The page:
Monday, February 1, 2016

Evanston: finished; Cape Horn and technology; two mystical experiences

        Although I may still do some minor rewriting and I need to write a preface to the e-edition, I have finished retyping A SINGLE WAVE.

A link to the updated PDF is found here.

        I changed a word here and there, but most of the rewriting was cutting.  You may recall Saint-Exupéry saying that perfection in airplane design does not come when there is nothing more to add, but when there is nothing more to eliminate.  I think that is true of writing, too.  The e-version of A SINGLE WAVE is 8,000 words shorter than the paper book.  Many of those words were removed when I completely dropped one chapter, ‘Perfection’, and significantly cut the epilogue; but throughout the book I simplified and reduced wherever I could.


        In working on A SINGLE WAVE I noticed that when I was off Cape Horn in 1975 I played Bach on a cassette player.  When I rounded in 1991, I played Bach from a compact disc.  If I am off Cape Horn next year, I will play Bach from an iPhone or an iTouch  streamed to Bluetooth speakers.


        Sometimes I forget in which book something I’ve written can be found.
        I am far from a mystic, but I have had two mystical experiences.  Both are related in A SINGLE WAVE.
        The first came aboard EGREGIOUS in early January 1975 on my second attempt at Cape Horn.

‘I believe that I am an articulate man, but this is not an experience to be articulated.  No nouns, no verbs suffice.  There is the sea, but it is unremarkable just now.  There is the wind, light and backing toward the north.  There is the sky, covered by a layer of low, fuzzy clouds.  There is the cutter sailing smoothly southeast.  Nothing is exceptional other than the overwhelming sense of peace, which has increased day by day and is now absolute.  I have never been so calm and content.  I am always hungry, yet that only renders my senses more acute.  A sailor is an artist whose medium is the wind.  But now I feel the wind more sensitively than ever before.  It touches my face, blows over my skin, enters my body, more essential than blood.  At this moment I want for nothing.  I am whole, complete, one, transcendent.  Yet I am also transcended and do not exist except as a part of the beauty around me.  The sea is steel blue and the sky light gray.  On the western horizon, a single pale yellow band lingers behind the already set sun.  This is a view of Eden, of what the world must have been like the first day after creation.’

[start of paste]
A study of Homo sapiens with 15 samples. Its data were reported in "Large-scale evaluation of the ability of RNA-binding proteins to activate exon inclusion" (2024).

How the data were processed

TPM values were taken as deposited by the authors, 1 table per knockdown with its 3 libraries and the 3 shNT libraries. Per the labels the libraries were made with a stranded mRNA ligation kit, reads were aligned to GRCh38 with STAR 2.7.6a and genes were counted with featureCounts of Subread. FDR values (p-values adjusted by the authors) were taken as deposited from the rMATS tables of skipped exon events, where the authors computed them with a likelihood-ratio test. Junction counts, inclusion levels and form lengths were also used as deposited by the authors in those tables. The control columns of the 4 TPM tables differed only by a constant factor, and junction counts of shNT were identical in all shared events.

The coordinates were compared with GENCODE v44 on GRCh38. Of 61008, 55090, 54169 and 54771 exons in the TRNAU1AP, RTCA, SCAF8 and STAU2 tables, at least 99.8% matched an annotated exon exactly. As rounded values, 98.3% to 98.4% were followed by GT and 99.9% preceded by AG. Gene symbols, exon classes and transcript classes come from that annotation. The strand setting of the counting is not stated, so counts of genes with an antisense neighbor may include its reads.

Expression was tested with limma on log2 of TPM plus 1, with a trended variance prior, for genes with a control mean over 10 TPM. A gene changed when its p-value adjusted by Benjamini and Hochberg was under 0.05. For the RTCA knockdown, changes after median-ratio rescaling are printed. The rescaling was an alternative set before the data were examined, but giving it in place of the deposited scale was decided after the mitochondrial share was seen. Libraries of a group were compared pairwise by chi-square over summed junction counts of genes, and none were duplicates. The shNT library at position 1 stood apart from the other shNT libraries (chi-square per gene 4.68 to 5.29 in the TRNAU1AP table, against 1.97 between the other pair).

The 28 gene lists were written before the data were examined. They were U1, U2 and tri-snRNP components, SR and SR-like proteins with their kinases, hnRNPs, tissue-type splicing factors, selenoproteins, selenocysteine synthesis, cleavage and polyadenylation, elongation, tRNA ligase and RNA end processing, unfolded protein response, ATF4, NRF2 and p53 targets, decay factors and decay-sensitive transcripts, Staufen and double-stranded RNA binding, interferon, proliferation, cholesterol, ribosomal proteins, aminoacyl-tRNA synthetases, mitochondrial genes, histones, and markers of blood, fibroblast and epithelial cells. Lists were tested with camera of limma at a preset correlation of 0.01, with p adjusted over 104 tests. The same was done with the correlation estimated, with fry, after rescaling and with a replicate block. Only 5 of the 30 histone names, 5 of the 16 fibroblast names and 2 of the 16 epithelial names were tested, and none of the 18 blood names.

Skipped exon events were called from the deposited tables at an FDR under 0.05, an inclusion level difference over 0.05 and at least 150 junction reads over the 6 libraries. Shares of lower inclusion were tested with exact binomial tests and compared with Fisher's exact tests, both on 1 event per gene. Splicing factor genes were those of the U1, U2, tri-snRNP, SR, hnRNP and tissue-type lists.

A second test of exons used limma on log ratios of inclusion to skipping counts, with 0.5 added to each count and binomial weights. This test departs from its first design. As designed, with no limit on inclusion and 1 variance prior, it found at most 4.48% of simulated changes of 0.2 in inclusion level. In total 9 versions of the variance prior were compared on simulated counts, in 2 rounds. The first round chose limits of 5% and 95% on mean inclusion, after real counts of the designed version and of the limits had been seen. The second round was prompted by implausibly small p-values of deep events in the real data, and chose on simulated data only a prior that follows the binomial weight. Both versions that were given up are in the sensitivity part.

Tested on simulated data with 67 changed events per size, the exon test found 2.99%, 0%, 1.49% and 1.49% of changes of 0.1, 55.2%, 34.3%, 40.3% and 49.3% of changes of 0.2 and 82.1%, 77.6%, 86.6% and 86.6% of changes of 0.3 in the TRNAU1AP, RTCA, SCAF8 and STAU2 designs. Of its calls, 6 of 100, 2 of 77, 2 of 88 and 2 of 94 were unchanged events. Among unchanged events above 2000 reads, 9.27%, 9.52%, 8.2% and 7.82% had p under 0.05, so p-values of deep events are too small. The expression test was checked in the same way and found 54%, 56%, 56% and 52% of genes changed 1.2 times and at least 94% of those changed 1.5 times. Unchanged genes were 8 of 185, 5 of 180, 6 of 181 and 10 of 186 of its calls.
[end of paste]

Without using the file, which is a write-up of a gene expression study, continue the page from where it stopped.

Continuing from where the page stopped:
The next morning I awoke to a storm—the light backing wind had been a warning—that soon broke the tangs and bolts replaced in Tahiti.  The mystical state was replaced by depression.  Cape Horn, instead of being less than a month ahead, receded to the infinite perspective of the unassailable.
        The second occurred in early August 1985 on the fringing reef at Suvarow Island to which we had sailed in RESURGAM.

We rowed ashore to a patch of sand and brush, frequented by frigate birds and boobies, and walked out onto the reef.  At Suvarow, one of the few deserted islands in the South Pacific with a usable anchorage, the reef is more volcanic than coral.  Those parts washed by the tides have been smoothed through the ages, but near the shore lava spikes remain almost as jagged as when they first exploded into air.  The black reef becomes salmon pink as it is uncovered by the outgoing tide.  Brightly colored fish are often trapped in tidal pools, trying to hide from soaring birds until they are released by the returning ocean.

I rose from studying a tide pool and turned to see Jill standing with her back to me, looking out at the sea.  I felt as though we were on the edge of the world, a primitive world of great beauty in which there were no other people.  A vast blue sky and sea, a white turmoil of waves breaking on the outer edge of the reef a few steps away, just beyond which the reef fell off to a hundred fathoms.  The lush green vegetation on the islets; a narrow band of white sand; black lava; salmon pink lava; fish; scuttling crabs; the bright sun and the shadows of circling birds; the elegant lines of Jill’s nearly naked body.  It was a perfect, timeless moment, a rare moment when I felt at peace, a moment I knew even as it was happening that I would remember as long as I live.
        Two mystical experiences at sea in forty years.  Not many.  But two more than I’ve had on land.